Julie Adams

SF Opera's The Magic Flute (Bowden/Shafer)

_B5A6077* Notes * 
A revival of The Magic Flute opened at San Francisco Opera last night. The production has been beset with casting changes since August, and two more were announced from the War Memorial stage by General Director David Gockley before the performance. Adler Julie Adams sang First Lady for Jacqueline Piccolino and Kathryn Bowden filled in for Albina Shagimuratova, both replaced artists were apparently ailing. All four substitutions were more than adequate, in fact, Efraín Solís as Papageno and Sarah Shafer as Pamina (pictured above, photograph by Cory Weaver), standing in for former Adlers Philippe Sly and Nadine Sierra, may have stolen the show.

Solís has a ton of charisma, and is an absolute delight. His voice has much warmth and liveliness. Shafer gave a distinctive and emotionally nuanced performance, quite a feat as Pamina can be a pretty flat character. Kathryn Bowden muscled through her arias, her Queen of the Night did not sound ravishingly beautiful but she definitely hit every note and it was impressive, if not a bit terrifying.

The three ladies, Julie Adams, Nian Wang, and Zanda Švēde, sounded wonderful and there was no shrillness at all. Greg Fedderly perfectly reprised his role as Monostatos and was entirely hilarious during the magic bell scene when Papageno enchants him and the male chorus. Paul Appleby was fine as Tamino, though somewhat wooden, his sound is bright and has good volume.

The orchestra did not shine under the baton of conductor Lawrence Foster. There were a lot of obvious errors, the balances were off and the playing was sloppy. In fact, the chaos made me feel seasick, and I had to close my eyes to regain a sense of stillness.

Jun Kaneko's production is still as adorable as ever. It is not a dramatic rendering and does not help explain what is going on in this opera, but the abstractness of the design helps keep the action moving and is attractive.

The English translation is awkward but seems to engage the audience. I often indulged myself in thinking of the original German lines as the performers sang. One has to feel for the non-native English speakers in this piece, accents are fairly noticeable and the words are a compromise at best, so can sound stilted even when sung by Americans.

* Tattling * 
There were some whispers but the back of the balcony was relatively well-behaved.

Julie Adams Interview

Adams, JulieSan Francisco Conservatory of Music alumna Julie Adams (pictured left) was one of the winners of Met Council Auditions this year. She sang the role of Blanche DuBois in André Previn's A Streetcar Named Desire as a participant of the Merola Opera Program this summer. The program concludes this Saturday with the Grand Finale.

What was the first opera you sang in?
I was in the chorus of Die Fledermaus at L.A. County High School for the Arts. I initially went there for musical theater, but I don't dance, so that didn't work out so well. Stephanie Vlahos, who is in the music faculty there still, introduced me to opera.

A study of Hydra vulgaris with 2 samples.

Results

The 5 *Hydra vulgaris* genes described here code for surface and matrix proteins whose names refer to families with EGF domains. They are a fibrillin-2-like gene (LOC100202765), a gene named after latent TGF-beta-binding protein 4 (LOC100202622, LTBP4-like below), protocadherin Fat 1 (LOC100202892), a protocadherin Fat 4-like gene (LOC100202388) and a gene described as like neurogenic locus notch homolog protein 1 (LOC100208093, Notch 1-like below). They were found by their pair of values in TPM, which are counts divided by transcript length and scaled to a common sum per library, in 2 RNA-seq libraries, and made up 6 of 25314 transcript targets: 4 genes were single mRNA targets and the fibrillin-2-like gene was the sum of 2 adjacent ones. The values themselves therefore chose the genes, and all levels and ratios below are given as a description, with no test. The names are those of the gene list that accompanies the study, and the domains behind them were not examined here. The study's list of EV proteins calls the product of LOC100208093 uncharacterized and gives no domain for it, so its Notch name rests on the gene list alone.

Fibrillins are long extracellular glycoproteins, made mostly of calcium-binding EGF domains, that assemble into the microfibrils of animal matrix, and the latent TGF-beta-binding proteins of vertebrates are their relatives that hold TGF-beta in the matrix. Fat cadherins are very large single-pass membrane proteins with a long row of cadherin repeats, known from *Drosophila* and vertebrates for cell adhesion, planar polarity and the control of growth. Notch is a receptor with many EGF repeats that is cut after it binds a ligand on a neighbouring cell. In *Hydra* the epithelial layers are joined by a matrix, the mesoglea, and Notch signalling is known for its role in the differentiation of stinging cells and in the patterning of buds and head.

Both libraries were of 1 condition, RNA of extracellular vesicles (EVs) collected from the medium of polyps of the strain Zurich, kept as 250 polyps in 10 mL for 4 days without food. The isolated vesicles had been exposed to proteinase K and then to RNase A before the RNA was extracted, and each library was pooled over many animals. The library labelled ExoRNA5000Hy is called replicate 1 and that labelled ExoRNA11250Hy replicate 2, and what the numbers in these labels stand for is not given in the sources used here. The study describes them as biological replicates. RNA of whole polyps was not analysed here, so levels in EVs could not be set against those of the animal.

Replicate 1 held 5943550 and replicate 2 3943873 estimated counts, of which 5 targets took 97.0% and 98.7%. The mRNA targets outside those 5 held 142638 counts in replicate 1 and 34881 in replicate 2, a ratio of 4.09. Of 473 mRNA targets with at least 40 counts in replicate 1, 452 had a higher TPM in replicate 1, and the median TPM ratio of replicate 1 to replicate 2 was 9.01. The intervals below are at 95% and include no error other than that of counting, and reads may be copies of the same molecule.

Did you go to the recent performance of A Streetcar Named Desire in Los Angeles?
Yes, I managed to go to the last performance. I was on the edge of my seat, since I knew the music and was curious to hear how Renée Fleming tackled the role of Blanche. Her artistry is amazing.

How was it singing Blanche for Merola?
It was really hard but so rewarding. It was difficult to learn and I had to rely on muscle memory to get the starting pitches, as Previn didn't score things so that the orchestra is there to help. I miss the role now as I was living with it for so long. It was very intense. The movie version is obviously iconic, we had to bring something different to the roles and to make them our own.

What are your favorite operas?
I love Puccini. Bohème is one of my favorites and Mimì is a dream role for me. I also love Marriage of Figaro. Magic Flute, I know not everyone likes that one, but I do. Mozart is, of course, a genius. Traviata. Manon. Susannah. I am so excited that San Francisco Opera is doing this one. This is another dream role. I love Carlyle Floyd.

Is there a particular singer to you look up to?
Pat Racette. I admire her with my whole heart. She always gives 110 percent. She always moves me, and I think that is why people go to the opera, to be moved.

What do you think of musical theater as opera?
I think it is great, it gets people into the opera house. Obviously the opera wouldn't take on contemporary Broadway works. For Rodgers and Hammerstein, Kern and Hammerstein, or Gilbert and Sullivan, it completely makes sense. It is great music and is accessible.

What was it like to sing at the Met?
It was a great experience, very glamorous and thrilling. I was so nervous, so it was hard to be in the moment, but my favorite part was the Sitzprobe, when we rehearsed with conductor and orchestra. I sang "L'annee en vain chasse l'annee" from Debussy's L'Enfant Prodigue, which the orchestra wasn't familiar with, obviously, as the opera isn't done that much. The conductor, Marco Armiliato, asked me to bear with them, but the Met Orchestra is incredible. The musicians are such lovely people too.

What are you singing for the Merola Grand Finale?
The "Cherry Duet," "Suzel, buon dì…Tutto tace," from L'amico Fritz with Mr. Casey Candabat. I am also singing Alice in the final piece, "Volgiti e mira…Tutto nel mondo è burla." We are singing on the Susannah set, so we are all in formal wear on a desolate, stark stage.

One of your interests is watching professional hockey games. Do you support a particular team?
The Los Angeles Kings, sorry Sharks fans. Hockey is exciting and I enjoy watching games with my dad and brother.